Privacy Laws

Switzerland and GDPR: a special case

The flag of Switzerland with mountains in the background

Switzerland, although not a member of the European Union (EU) or the European Economic Area (EEA), has a unique relationship with the EU that impacts its data protection obligations. The country is part of the European Free Trade Area (EFTA) and the EU's single market, making the EU its largest trading partner. This special relationship necessitates that Swiss businesses pay close attention to EU data protection laws, particularly the General Data Protection Regulation (GDPR).

Data transfer and adequacy decision

Swiss companies benefit from an “adequacy decision” by the European Commission, which recognizes the strength of Switzerland's data protection laws. This decision allows for the seamless transfer of personal data between EEA countries and Switzerland without requiring additional safeguards.

GDPR applicability in Switzerland

Swiss companies are not bound by the GDPR at all times, but must comply when operating within the EEA. This is in line with Article 3 of the GDPR, which outlines the law's territorial scope. Swiss businesses must adhere to GDPR regulations if they offer goods or services to people in the EU or monitor the behavior of people in the EU.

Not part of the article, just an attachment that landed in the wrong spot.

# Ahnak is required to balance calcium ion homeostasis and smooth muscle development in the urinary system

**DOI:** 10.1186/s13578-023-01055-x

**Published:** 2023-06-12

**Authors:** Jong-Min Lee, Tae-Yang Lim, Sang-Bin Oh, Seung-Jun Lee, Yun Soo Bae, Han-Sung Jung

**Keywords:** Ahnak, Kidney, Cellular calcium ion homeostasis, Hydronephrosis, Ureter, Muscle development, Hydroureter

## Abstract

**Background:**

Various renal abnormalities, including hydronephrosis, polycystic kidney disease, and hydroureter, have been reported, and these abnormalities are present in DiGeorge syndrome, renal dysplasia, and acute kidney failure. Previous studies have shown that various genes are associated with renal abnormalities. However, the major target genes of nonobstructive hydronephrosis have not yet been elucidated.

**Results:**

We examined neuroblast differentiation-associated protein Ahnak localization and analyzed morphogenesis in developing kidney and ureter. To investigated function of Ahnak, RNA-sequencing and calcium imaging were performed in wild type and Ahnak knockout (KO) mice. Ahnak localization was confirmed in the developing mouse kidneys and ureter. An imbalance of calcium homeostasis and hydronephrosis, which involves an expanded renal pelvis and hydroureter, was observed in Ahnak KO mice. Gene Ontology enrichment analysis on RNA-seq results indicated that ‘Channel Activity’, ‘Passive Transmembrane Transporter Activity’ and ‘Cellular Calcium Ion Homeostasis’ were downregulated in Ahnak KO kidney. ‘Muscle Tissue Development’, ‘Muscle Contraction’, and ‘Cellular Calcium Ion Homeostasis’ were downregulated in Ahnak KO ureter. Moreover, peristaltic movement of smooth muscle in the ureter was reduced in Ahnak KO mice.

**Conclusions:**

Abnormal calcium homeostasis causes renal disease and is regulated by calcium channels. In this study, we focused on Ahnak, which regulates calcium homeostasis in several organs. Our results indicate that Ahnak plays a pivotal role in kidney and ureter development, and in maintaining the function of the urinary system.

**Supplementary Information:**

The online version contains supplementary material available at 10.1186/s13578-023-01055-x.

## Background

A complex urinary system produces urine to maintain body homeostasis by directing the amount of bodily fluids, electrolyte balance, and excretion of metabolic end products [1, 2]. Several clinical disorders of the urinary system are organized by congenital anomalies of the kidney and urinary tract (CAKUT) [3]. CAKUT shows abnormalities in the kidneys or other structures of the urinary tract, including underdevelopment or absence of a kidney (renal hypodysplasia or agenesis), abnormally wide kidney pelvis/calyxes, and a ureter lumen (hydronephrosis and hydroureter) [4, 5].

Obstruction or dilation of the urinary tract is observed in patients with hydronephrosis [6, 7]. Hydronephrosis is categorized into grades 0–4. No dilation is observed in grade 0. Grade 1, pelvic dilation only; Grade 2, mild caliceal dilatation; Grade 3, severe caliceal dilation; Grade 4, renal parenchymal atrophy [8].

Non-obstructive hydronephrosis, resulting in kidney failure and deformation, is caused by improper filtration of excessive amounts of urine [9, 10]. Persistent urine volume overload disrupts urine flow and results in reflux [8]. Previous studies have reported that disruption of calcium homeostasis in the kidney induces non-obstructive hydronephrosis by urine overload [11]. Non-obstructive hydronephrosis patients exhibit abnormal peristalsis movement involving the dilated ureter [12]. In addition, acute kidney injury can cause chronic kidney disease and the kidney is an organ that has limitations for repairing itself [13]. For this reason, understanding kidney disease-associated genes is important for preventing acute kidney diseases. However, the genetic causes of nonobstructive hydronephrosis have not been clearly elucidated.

Swiss data protection law vs. GDPR

Switzerland's primary data protection law is the Federal Act on Data Protection (FDAP). While the FDAP and GDPR share similarities, there are key differences. For instance, the FDAP applies to both natural and legal persons, unlike the GDPR, which applies only to natural persons. The FDAP is also currently under review to align it more closely with GDPR standards.

Compliance steps for Swiss businesses

  1. Privacy policy: Swiss companies should update their privacy policies to meet GDPR requirements, including details about data processing, lawful bases, and data subject rights.
  2. EU representative: Businesses may need to appoint an EU Representative to act as the main point of contact with the EU Data Protection Authorities.
  3. Consent mechanisms: Companies should review how they seek consent for data processing to meet the EU's stringent standards.
  4. Data breach strategy: Unlike the FDAP, the GDPR has specific data breach notification requirements that Swiss companies must adhere to when operating in the EEA.


Swiss companies, due to their unique relationship with the EU, must take special measures to comply with the GDPR, especially when operating within the EEA. The country's strong data protection laws provide a solid foundation for GDPR compliance, but additional steps are necessary.